8 March 2024

Smart hives the latest buzz which could help with varroa mite detection and bee health

| Claire Fenwicke
Start the conversation
BeeRight tech on a bee hive

It’s hoped a trial in the ACT and NSW will show the success of the smart ‘BeeRight’ technology in detecting varroa mite. Photo: Supplied.

Canberrans have been chosen to take part in a trial which is aiming to change the way diseases are detected in bee hives.

As the apiary industry faces threats from varroa mite, a new technology is being trialled which would turn any hive into a self-monitoring smart hive.

Joel Kuperholz is the CEO and co-founder of Vimana Tech, which has developed the ‘BeeRight’ system.

It’s designed to be low-cost and scalable, and can let beekeepers know if their hives are healthy and active, how their queens are faring, honey levels, and if there are any biosecurity concerns or diseases present – without having to pull the hive apart.

“In order to save the bees, we believed that we had to help save the beekeeper,” Mr Kuperholz said.

“In order to do that, it means helping beekeepers manage more hives more efficiently … [This technology means] instead of doing ad hoc inspections and drive out to manually inspect that hive … you can actually monitor it and get day-by-day information.”

One part of the device slips onto the top of the hive, while the smart component is run by solar power and sits on the outside.

Mr Kuperholz said while this technology was first designed to help commercial beekeepers manage their hives more efficiently, it’s hoped this will be accessible to hobbyists and private hive owners as well.

“We have the beekeeper at the forefront of our mind, but hobbyists are really important as well. They might not have the wealth of experience that a lot of commercial operators have and they may want a little bit of help managing their hive,” he said.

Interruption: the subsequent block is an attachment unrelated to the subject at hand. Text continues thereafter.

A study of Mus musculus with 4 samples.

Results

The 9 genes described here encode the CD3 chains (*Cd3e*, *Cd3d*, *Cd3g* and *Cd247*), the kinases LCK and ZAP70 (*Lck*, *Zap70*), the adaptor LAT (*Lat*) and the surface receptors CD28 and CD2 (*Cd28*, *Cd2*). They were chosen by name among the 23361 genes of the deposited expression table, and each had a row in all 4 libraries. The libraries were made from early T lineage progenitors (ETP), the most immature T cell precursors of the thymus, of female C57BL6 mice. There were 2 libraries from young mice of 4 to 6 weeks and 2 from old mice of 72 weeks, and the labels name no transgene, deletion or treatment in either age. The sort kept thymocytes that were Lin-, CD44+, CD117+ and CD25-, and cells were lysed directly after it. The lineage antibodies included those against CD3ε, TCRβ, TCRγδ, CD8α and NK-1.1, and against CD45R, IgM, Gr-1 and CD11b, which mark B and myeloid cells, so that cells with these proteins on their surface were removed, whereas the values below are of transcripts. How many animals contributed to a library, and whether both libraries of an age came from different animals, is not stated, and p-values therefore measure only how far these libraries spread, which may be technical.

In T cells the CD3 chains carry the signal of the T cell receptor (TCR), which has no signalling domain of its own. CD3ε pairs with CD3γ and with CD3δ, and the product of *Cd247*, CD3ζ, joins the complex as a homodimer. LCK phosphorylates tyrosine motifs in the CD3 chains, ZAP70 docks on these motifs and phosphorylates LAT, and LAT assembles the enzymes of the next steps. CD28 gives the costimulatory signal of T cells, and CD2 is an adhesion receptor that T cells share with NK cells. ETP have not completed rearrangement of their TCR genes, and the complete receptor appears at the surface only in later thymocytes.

“As we went on that journey … we were able to realise this product can help in the management of varroa going forward.”

READ ALSO Parrots, Gang-gangs and the golden sun moth in light rail 2B corridor as Barr reveals timeline

Australia is no longer trying to eradicate varroa mite, which arrived on our shores in June 2022.

A management plan has been approved with varroa development officers (VDOs) to work directly with beekeepers over the next 24 months.

Beekeepers have different opinions about how they want to treat their hives and which varroa mite detection methods they’d like to use. Most methods kill about one per cent of the bees each time.

At a government monitoring level, there are also questions about how much self-assessed inspections can be trusted.

Mr Kuperholz hoped this technology would provide a level of confidence and trust for both parties.

“This breaks norms that have existed for 30-, 40-plus years. Reading academic papers from the 70s, 80s, 90s, they all touch on alcohol washes and that’s still the known thing [to test for diseases],” he said.

“In the 70s we didn’t even have seatbelts in cars, so innovation and need for increasing safety standards exist so much in our world, and it’s really important we take that … into agriculture.”

It could also bring more reassurance to ‘pollinator rentals’ as hives are moved across the country to pollinate crops, such as almond trees.

READ ALSO New exhibition dredges up objects from the bottom of historic Canberra well

The technology’s trial has been picked up by the Federal Department of Agriculture, Fisheries and Forestry.

The ACT will be used as the trial’s ‘clean’ site, as it’s known to be varroa mite free. Another pilot will be run in Kempsey in northern NSW, which is known to have the disease.

Known varroa mite detection methods and their detection rates – such as alcohol washes, sugar shakes and sticky mats – will be compared against this data.

Beekeepers who take part in the trial will be expected to take environmental DNA (eDNA) samples and submit them as part of the 10-week trial.

The University of Canberra is also on board to process the data, before the final report is written by scientists with the CSIRO assessing BeeRight’s potential to detect varroa mite.

ACT Biosecurity Coordinator Kirsten Tasker said her team would help install the devices and chase up the collection of samples in Canberra.

She also reassured the community the Territory was protected against varroa mite.

“We are still testing by other means as well, so our beekeepers are still doing alcohol washes and sugar shakes to prove freedom from varroa for the time being,” Ms Tasker said.

The report is expected later this year.

Start the conversation

Daily Digest

Want the best Canberra news delivered daily? Every day we package the most popular Riotact stories and send them straight to your inbox. Sign-up now for trusted local news that will never be behind a paywall.

By submitting your email address you are agreeing to Region Group's terms and conditions and privacy policy.